By Joyce E.A. Russell
Monday, August 30, 2010; 24
Today, there are so many ways to conduct important meetings, conversations and negotiations. You can meet with the person face-to-face, talk over the phone, conduct business via e-mail, use videoconferencing and more. They are all beneficial methods for communicating, yet they also all have their drawbacks. E-mail in particular, seems to generate strong reactions from proponents and opponents.
I still get many questions from people in the work world about when and how to use e-mail effectively. In general, the research indicates that for important negotiations or conversations, it is best to meet face-to-face. For example, asking your boss for a raise via e-mail is probably not the best strategy. Your guideline should be: the more important and complex the issue, and the more important the relationship, the more you might want to consider using a face-to-face meeting rather than phone or e-mail. Even using the phone is more desirable in these situations than relying on e-mail.
Recently, someone asked me about using e-mail to tell the boss about leaving the job (after eight years on the job). While it might be easier to send the e-mail rather than facing the boss, having such a meeting shows professional courtesy. Plus, we need to remember that it's a much smaller world than we think. Our former bosses can often play a role in our future employment -- via references. Leaving a firm on a positive, professional note is important for your future.
The use of e-mail also seems to stimulate lots of discussion about what is appropriate and inappropriate to do. People have many pet peeves about e-mails, such as getting really long messages, getting messages in all capital letters, getting overly complex information via e-mail, receiving "urgent" messages that aren't really urgent, getting copied on messages that they don't really need to be included on, and the list goes on and on.
To address these pet peeves and the many more that are out there, here are some tips for using e-mail:
-- At the beginning and end of your e-mail message, add relationship-building content, such as "Hi, how are you doing? Thanks for your flexibility in working with me on these points," or "We have been making great progress together." This is important since you don't have the nonverbal expressions and tones of voice that you have in face-to-face meetings. Treat the e-mail exchange as if you were actually meeting with the person. You would always start with a friendly, social comment and end with one when meeting in person, so you should do the same with e-mail exchanges.
-- Use e-mail as a way to stop and think about something ("I will get back to you with an e-mail about that") instead of feeling that you have to automatically respond in depth at the present moment. E-mail is good if you need time to think between responses.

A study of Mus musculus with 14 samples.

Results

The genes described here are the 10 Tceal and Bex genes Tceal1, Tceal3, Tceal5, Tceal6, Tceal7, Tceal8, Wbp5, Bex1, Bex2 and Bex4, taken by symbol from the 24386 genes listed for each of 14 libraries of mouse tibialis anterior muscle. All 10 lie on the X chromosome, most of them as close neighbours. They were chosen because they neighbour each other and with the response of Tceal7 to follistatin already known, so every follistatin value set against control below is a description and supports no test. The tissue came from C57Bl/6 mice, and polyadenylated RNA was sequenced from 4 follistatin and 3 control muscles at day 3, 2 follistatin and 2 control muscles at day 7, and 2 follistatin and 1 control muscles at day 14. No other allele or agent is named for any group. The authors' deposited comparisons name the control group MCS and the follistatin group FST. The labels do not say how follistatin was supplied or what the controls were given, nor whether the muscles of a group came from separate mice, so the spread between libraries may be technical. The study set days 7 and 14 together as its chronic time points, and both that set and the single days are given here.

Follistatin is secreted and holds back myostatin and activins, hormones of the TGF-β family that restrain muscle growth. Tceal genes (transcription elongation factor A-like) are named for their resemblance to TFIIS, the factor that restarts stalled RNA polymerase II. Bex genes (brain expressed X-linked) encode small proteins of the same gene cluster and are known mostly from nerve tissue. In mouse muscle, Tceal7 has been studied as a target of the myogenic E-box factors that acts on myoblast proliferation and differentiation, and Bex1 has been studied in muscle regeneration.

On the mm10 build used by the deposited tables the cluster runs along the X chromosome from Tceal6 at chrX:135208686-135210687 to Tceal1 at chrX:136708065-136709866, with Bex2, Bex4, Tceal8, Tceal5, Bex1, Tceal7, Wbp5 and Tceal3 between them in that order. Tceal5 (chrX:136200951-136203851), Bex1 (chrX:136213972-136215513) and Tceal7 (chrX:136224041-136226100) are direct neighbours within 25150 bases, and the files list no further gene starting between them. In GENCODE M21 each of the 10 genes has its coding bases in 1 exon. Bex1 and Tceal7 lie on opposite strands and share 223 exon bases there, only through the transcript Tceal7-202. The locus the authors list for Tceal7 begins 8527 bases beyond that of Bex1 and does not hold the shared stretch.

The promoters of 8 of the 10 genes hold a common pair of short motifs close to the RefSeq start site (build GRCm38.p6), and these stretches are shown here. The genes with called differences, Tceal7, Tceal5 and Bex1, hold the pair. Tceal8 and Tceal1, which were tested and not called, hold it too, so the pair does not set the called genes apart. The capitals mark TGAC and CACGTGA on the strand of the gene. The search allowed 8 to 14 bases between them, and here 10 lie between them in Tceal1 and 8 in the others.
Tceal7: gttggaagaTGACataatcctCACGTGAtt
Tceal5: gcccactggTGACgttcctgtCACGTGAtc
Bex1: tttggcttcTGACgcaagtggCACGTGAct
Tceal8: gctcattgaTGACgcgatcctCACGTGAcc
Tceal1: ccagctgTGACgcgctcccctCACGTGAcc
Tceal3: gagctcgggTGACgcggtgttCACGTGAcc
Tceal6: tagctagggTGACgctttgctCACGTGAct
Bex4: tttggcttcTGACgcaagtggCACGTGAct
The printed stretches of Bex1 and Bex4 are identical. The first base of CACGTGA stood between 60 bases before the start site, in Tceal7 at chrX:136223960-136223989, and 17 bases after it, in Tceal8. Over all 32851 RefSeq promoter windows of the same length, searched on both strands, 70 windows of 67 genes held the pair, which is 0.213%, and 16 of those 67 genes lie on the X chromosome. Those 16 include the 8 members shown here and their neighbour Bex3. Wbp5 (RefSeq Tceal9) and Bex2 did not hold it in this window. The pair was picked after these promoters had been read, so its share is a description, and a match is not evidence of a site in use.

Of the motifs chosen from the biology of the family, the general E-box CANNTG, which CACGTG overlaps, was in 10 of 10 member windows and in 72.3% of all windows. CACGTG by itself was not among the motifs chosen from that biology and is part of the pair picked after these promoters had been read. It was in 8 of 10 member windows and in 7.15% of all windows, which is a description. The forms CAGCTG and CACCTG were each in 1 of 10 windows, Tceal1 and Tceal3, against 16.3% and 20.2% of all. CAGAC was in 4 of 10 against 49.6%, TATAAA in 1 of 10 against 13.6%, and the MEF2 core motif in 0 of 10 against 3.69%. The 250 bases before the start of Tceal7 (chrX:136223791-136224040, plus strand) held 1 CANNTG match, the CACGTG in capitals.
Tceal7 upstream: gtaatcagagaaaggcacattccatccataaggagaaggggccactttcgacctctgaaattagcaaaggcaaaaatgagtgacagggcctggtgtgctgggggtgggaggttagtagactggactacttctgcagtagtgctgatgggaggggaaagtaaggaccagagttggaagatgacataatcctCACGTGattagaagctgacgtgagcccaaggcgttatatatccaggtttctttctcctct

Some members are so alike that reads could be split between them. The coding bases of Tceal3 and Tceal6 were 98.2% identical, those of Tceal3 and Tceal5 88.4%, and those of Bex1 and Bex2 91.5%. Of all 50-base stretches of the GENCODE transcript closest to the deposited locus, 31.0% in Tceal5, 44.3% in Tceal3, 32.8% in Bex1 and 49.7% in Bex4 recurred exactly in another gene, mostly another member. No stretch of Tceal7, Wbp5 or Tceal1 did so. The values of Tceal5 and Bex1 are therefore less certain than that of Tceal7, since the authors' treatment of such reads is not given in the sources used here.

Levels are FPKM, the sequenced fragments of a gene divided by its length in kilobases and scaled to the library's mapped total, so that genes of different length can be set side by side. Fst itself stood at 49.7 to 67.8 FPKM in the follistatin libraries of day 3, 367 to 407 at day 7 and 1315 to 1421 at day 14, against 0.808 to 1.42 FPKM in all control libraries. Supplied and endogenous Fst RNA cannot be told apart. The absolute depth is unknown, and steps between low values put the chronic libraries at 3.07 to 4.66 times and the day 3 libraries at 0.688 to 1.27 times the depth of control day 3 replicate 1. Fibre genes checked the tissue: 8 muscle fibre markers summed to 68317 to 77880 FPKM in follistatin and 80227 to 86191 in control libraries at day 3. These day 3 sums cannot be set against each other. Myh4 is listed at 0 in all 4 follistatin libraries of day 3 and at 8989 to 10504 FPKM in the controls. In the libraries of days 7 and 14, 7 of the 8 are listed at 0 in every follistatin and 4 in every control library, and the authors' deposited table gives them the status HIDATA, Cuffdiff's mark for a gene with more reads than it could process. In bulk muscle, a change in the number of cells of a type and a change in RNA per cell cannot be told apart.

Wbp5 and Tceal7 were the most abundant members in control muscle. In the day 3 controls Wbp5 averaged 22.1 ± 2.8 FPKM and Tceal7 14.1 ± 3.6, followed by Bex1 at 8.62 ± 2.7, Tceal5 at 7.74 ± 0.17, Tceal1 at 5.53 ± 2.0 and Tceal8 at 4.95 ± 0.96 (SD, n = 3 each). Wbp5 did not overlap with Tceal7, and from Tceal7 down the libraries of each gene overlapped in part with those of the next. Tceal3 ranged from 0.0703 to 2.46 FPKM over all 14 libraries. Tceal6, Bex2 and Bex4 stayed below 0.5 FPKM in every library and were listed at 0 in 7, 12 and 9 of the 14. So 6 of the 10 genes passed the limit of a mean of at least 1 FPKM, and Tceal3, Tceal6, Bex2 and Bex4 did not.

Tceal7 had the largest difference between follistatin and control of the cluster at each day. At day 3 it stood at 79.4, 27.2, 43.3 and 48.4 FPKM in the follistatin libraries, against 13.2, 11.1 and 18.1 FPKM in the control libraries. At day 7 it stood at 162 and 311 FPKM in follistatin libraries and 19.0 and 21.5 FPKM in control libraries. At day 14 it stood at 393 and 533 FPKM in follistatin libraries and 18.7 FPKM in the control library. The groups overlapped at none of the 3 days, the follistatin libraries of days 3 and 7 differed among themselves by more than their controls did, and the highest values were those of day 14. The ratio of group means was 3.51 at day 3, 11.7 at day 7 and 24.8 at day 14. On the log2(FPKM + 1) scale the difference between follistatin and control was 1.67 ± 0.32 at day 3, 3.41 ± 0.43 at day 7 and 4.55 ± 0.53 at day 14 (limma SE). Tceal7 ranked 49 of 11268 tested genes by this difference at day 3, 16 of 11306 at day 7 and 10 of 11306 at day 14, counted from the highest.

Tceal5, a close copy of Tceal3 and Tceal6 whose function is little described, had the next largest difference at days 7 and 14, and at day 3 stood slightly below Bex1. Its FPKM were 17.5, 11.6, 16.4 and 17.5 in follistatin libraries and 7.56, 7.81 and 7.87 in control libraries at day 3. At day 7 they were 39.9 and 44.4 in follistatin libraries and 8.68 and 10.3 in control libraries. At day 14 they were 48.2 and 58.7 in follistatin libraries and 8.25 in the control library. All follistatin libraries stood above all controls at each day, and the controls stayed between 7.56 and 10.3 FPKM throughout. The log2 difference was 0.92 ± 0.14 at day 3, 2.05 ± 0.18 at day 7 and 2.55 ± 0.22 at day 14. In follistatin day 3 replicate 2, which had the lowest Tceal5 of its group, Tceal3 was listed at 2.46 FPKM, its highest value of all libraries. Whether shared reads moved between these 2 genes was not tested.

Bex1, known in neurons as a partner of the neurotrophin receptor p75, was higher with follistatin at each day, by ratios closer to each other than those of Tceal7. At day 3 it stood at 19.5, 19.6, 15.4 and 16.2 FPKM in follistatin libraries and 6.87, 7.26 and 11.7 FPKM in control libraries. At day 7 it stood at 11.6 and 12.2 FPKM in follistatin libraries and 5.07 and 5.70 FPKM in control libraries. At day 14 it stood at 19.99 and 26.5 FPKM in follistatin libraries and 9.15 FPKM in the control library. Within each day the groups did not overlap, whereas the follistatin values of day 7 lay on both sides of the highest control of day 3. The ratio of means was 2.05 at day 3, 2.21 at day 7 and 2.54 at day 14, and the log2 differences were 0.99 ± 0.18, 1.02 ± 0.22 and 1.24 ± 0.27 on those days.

-- Make sure you already have trust established with the other side before using e-mail as a communication forum.
-- Establish rapport with the other side, such as by exchanging exchange pictures, background information, or personal phone calls first.
-- Make the messages clear and concise. Better to exchange a number of shorter e-mails than a few longer e-mails. Most people who get really long e-mails tell me they just don't bother reading them.
-- Watch the use of capital letters, color and symbols. What emotions are you trying to convey and do you really want to communicate those emotions?
-- Be timely. Let people know when you will get back to them with a response.
-- Watch your temper. Make sure it passes the "light-of-day test": Would it be okay if seen by your mother/boss/the world -- is it suitable? Make sure you are okay if it is printed out and shared with others -- because it might be.
-- Don't deliver negative feedback via e-mail -- better to deliver it face-to-face. Remember that people should be treated as human beings -- respect that. In addition, anything you send can be printed out and sent to anyone else. Would you want this?
-- Avoid using cute shortcuts or acronyms (e.g., "I am here 4 u") in professional exchanges.
-- Make sure you have a signature line so people know who is sending the e-mail. Of course, I have heard complaints from people when they get e-mails from someone with five titles under their name and a lengthy quote of the day.
-- Check the grammar, punctuation and spelling. Clearly this sends a message about your level of professionalism.
Sometimes, e-mail is the right communication forum to use. When that's the case, keep your message concise, professional and directed to a fellow human being. Remember that e-mail is a form of technology that has been designed to make our lives easier, not to replace our social connections with others.
Joyce E.A. Russell is the director of the Executive Coaching and Leadership Development Program at the University of Maryland's Robert H. Smith School of Business. She is a licensed industrial and organizational psychologist. She can be reached at email@example.com.